Melatonin Supplement Review

Effectiveness Rating Effectiveness Rating
Jet Lag
+2 (Moderate Evidence)
Adjunctive cancer therapy
+2 (Moderate Evidence)
0 (Effectiveness Unclear)


  • Melatonin decreases jet lag when taken starting several days before eastward travel, especially when crossing 5 or more time zones.
  • Melatonin improves sleep onset and duration in children with ADHD and in the elderly.
  • The side effects are usually mild. There aren't many risks in trying melatonin to see if it helps you.
  • Melatonin is relatively inexpensive.
  • Melatonin appears to have a role in palliative care. It may decrease the toxic side effects of chemotherapy and increase survival time for patients with incurable metastatic cancers.


  • Melatonin increases drowsiness if taken too early in the day, so don’t take melatonin early unless you want to fall asleep before dinnertime.
  • Some people may experience fatigue or a “hangover” effect the following morning.
  • There is a theoretical concern that its antioxidant properties may make cancer treatments less effective. Future studies are needed.
  • Melatonin hasn’t consistently shown itself to be of help to everyone who has trouble falling or staying asleep. Especially for insomnia associated with shift work, the overall effect is somewhat weak and results are mixed.

Melatonin can interact with medications and supplements. If you are already taking another sleep medication, please discuss its use with your doctor before you add melatonin or any other additional sleep medicines.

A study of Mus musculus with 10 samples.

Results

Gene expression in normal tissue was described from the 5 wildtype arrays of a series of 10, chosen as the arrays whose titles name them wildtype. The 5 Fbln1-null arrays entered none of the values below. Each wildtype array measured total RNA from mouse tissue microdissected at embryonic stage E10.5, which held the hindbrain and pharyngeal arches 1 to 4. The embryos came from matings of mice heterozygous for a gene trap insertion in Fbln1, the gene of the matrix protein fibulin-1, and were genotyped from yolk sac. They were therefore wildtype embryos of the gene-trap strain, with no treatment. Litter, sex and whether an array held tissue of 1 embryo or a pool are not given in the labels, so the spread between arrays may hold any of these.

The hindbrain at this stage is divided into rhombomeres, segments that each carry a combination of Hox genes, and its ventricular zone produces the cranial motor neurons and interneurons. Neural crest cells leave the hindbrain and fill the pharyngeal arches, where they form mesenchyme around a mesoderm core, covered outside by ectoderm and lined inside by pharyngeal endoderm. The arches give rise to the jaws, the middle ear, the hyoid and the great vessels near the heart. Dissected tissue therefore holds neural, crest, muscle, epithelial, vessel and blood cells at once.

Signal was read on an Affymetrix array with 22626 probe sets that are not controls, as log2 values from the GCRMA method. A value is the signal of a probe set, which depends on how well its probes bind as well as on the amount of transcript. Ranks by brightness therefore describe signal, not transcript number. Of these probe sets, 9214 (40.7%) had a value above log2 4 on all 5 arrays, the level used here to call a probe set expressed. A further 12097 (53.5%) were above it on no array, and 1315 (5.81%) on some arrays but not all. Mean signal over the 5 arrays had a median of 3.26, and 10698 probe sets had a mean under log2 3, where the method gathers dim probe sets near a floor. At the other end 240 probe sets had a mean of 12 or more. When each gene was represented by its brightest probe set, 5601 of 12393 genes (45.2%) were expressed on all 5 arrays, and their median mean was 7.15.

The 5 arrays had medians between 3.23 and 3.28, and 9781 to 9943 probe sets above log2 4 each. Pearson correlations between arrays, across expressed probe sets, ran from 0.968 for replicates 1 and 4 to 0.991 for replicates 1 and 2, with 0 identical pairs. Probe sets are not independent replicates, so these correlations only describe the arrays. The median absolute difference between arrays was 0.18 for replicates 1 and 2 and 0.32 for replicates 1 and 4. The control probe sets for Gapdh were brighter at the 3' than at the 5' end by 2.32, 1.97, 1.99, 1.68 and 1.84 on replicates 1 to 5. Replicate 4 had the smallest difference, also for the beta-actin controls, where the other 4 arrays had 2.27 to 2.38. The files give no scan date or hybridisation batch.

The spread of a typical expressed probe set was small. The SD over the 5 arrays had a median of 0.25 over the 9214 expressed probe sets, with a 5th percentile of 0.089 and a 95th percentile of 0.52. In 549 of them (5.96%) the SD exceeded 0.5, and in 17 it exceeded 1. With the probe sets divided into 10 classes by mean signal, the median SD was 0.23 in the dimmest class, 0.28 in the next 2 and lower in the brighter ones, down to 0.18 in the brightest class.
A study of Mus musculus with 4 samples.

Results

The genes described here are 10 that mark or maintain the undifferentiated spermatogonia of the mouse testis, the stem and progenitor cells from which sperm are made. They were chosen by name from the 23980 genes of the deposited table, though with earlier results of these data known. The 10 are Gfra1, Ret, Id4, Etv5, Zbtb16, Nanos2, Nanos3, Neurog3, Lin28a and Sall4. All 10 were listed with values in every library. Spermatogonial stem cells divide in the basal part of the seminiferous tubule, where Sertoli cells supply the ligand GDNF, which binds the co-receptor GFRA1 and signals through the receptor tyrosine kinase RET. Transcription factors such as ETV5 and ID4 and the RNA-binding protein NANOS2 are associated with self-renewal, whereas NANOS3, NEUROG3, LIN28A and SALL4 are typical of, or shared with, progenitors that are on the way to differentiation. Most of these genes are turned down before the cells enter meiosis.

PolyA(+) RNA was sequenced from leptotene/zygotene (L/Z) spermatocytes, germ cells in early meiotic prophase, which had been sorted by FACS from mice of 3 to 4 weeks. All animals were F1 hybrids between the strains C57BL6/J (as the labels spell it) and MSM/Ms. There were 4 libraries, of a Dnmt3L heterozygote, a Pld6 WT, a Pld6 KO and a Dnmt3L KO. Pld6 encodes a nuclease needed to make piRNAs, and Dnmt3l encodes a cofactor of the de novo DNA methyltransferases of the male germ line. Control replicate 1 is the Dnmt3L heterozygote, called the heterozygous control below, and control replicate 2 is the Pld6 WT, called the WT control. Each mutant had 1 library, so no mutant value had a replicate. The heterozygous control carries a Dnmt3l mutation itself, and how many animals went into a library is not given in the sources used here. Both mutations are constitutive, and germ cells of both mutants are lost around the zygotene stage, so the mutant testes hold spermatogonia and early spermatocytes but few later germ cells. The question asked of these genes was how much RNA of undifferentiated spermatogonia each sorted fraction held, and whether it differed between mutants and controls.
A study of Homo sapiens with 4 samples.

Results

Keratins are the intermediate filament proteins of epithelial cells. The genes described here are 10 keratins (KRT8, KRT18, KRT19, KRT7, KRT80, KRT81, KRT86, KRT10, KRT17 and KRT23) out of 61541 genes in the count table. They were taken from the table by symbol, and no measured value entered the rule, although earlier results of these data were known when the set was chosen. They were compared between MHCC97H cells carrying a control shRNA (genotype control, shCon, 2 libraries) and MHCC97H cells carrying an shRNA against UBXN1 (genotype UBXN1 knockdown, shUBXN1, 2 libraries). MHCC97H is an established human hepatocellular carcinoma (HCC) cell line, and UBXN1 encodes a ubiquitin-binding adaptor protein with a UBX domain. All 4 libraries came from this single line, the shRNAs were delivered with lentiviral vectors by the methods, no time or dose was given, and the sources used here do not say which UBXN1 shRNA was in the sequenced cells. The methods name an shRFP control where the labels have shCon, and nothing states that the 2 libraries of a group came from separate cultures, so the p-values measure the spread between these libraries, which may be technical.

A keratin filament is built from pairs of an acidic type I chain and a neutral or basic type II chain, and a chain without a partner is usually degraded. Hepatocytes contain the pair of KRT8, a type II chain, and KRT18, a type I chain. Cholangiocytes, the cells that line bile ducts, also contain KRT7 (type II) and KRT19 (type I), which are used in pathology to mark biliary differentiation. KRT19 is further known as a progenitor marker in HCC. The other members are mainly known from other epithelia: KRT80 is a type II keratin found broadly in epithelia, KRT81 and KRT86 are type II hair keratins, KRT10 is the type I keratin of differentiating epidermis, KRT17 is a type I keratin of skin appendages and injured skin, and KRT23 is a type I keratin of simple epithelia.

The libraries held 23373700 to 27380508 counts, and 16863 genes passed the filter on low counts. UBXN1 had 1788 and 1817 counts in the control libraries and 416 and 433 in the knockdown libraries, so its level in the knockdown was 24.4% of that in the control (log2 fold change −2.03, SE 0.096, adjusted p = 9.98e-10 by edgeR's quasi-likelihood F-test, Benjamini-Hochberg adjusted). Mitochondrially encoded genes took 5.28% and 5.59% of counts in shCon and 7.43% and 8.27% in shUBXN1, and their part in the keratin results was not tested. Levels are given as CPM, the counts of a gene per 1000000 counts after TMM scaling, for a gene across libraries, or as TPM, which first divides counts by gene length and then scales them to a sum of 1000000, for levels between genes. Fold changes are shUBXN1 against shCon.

DOSAGE:For the treatment of insomnia or jet lag, doses range from 0.5 to 5 mg. To prevent jet lag, begin melatonin several days prior to eastward travel (at the anticipated bedtime in the new time zone). For many sleep conditions, small doses seem to be as effective as larger doses. Doctors treating metastatic cancers usually use doses around 20 mg. We suggest dosing as directed on the label.

CONCLUSION:We conclude that melatonin is a safe and effective product for the treatment of jet lag, metastatic cancers and some sleep-related problems. While it shows promise for the treatment of insomnia, there is not enough evidence for us to support its use for this indication. Another way to increase your melatonin levels is by meditating, avoiding computer and TV screens in the evening, and eating certain fruits and vegetables (notably cherries, bananas, corn, wine and red grapes). If you elect to try it, remember to include it in your list of medications when you visit your doctor and other health care providers.